One of the last pieces of the Senate’s highway bill is now in place as the Finance Committee approved its portion of the package on Tuesday, Feb. 7. Majority Leader Harry Reid is now testing the waters to get the bill in front of the full Senate for a vote.
Reid needs consent from 60 senators before the bill can be put up for a vote on the Senate floor.
The two-year, $109 billion transportation bill is more or less complete, with portions approved by the Senate Environment and Public Works Committee; Commerce Science and Transportation Committee and Finance Committee.
The Finance Committee approved its funding portion of the bill on Tuesday with a vote of 17-6. The finance provision would extend the Highway Trust Fund through 2015. The trust fund includes taxes that truckers and highway users pay including fuel taxes, tire taxes, heavy vehicle excise taxes and the Heavy Vehicle Use Tax known as HVUT or HUT.
The committee needed to find about $13 billion to plug a funding gap in the bill. Following Tuesday’s proceedings the committee had come up with about $10.5 billion.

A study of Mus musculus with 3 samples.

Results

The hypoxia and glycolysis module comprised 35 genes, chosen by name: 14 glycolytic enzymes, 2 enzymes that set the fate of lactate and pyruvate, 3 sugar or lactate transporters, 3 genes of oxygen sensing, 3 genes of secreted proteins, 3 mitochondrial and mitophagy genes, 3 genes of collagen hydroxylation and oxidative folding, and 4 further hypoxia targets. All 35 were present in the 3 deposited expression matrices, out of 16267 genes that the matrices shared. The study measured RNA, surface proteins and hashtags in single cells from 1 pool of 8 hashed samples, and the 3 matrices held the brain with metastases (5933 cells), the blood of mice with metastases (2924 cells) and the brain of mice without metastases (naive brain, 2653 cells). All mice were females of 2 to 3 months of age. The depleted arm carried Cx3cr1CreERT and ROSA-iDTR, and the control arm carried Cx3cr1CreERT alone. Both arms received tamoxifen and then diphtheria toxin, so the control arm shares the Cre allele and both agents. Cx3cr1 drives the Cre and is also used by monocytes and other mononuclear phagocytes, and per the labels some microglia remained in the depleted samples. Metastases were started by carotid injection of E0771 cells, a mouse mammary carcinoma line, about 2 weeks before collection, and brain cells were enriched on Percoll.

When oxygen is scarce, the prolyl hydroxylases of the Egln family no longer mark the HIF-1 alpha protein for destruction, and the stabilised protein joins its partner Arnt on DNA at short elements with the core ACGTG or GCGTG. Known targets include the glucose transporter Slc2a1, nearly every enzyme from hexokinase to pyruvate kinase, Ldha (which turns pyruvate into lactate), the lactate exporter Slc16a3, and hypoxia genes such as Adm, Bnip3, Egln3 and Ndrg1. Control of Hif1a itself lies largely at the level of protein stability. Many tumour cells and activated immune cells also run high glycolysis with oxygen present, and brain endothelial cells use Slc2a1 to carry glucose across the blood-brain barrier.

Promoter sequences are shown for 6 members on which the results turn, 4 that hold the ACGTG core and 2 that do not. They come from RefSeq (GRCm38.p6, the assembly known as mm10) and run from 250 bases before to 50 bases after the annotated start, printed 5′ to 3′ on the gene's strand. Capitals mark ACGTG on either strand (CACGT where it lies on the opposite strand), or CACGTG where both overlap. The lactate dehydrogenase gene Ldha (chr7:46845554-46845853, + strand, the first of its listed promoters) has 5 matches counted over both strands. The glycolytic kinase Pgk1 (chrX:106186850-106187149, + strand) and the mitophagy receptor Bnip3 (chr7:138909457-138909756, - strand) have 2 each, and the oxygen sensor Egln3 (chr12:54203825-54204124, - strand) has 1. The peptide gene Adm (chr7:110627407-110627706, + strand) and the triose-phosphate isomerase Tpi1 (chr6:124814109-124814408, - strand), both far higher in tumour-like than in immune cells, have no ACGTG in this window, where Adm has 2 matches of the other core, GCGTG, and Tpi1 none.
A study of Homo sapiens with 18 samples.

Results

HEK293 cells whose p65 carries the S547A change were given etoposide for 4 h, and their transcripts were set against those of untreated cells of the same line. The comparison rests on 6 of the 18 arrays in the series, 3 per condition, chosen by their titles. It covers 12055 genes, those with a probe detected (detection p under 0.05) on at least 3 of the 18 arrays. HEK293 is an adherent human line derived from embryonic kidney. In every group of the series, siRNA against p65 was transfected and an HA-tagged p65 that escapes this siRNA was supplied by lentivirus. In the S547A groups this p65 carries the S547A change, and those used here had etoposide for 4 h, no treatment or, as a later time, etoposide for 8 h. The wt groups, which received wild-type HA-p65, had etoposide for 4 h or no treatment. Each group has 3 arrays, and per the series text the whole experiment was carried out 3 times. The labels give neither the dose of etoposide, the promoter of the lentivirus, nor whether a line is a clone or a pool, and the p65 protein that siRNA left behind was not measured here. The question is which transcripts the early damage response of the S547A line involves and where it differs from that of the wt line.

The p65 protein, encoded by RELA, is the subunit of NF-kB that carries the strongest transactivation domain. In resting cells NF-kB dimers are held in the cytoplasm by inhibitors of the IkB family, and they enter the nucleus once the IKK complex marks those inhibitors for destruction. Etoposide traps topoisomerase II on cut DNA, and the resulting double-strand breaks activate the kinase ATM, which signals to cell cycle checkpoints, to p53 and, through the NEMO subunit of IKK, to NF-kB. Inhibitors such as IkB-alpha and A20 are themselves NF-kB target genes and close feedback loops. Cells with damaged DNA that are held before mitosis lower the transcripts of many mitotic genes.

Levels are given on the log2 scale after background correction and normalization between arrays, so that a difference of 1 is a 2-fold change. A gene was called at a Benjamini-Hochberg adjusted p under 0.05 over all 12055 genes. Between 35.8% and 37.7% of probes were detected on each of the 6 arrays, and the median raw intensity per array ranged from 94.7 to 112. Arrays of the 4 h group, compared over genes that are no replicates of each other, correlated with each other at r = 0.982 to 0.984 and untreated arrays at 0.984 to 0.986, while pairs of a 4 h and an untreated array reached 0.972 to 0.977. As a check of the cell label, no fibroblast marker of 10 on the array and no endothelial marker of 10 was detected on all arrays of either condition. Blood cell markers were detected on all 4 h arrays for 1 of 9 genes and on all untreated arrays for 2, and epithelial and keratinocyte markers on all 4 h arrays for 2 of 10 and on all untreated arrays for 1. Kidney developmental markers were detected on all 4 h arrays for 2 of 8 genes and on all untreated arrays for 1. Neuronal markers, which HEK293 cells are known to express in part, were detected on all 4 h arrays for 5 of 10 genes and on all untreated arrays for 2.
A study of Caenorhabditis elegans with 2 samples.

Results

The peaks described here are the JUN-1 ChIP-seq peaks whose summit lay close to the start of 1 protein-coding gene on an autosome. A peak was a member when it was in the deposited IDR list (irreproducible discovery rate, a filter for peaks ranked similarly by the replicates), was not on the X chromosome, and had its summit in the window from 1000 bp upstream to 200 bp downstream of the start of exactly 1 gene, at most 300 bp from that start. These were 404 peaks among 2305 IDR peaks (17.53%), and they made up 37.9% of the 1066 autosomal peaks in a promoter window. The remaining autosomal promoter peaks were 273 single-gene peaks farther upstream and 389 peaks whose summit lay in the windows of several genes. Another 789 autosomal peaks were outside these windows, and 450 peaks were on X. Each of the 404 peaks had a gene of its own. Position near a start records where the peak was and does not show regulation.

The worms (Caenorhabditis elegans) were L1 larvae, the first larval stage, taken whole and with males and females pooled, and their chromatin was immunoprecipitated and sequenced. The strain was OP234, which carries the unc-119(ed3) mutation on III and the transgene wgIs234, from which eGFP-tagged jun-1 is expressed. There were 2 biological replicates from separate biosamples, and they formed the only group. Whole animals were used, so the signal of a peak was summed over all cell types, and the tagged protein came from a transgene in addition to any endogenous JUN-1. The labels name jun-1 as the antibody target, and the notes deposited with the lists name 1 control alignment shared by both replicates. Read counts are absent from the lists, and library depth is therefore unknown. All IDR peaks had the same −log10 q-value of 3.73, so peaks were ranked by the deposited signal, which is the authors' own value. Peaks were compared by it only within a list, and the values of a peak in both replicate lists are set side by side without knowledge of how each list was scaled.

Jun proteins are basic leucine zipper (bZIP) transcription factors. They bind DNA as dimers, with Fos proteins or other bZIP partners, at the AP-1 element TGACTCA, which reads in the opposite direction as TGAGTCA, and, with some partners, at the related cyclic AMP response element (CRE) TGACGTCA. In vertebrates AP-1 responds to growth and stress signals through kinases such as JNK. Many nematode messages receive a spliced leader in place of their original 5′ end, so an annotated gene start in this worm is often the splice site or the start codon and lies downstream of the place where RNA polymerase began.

Among the financial measures was a provision to transfer $3 billion from the Leaking Underground Storage Tank Trust Fund to the Highway Trust Fund.
Some of the proposed transfers from the General Fund to the Highway Trust Fund drew fire from committee Republicans who criticized some of the 10-year provisions to pay for two years worth of transportation programs.
An amendment that would have indexed federal taxes on gasoline and diesel to inflation was withdrawn, but not before a handful of Democrats and Republicans agreed that increasing fuel taxes was way overdue.
One amendment that the Finance Committee adopted would change the way long-term highway leases, such as the 99-year lease of the Chicago Skyway, would be taxed. Current law allows the private investor to depreciate the asset in just 15 years. The amendment offered by Sen. Jeff Bingaman, D-NM, would extend the requirements for depreciation to 45 years, closer to the life of the asset.
OOIDA supported the Bingaman amendment because it reins in the power that private investors have when they sign long-term leases for public roadways.
As the transportation authorization process moves forward, the Senate bill is likely to clash with a five-year, $260 billion bill currently being considered in the House. For a new transportation authorization to become law, the two chambers must agree on a final version.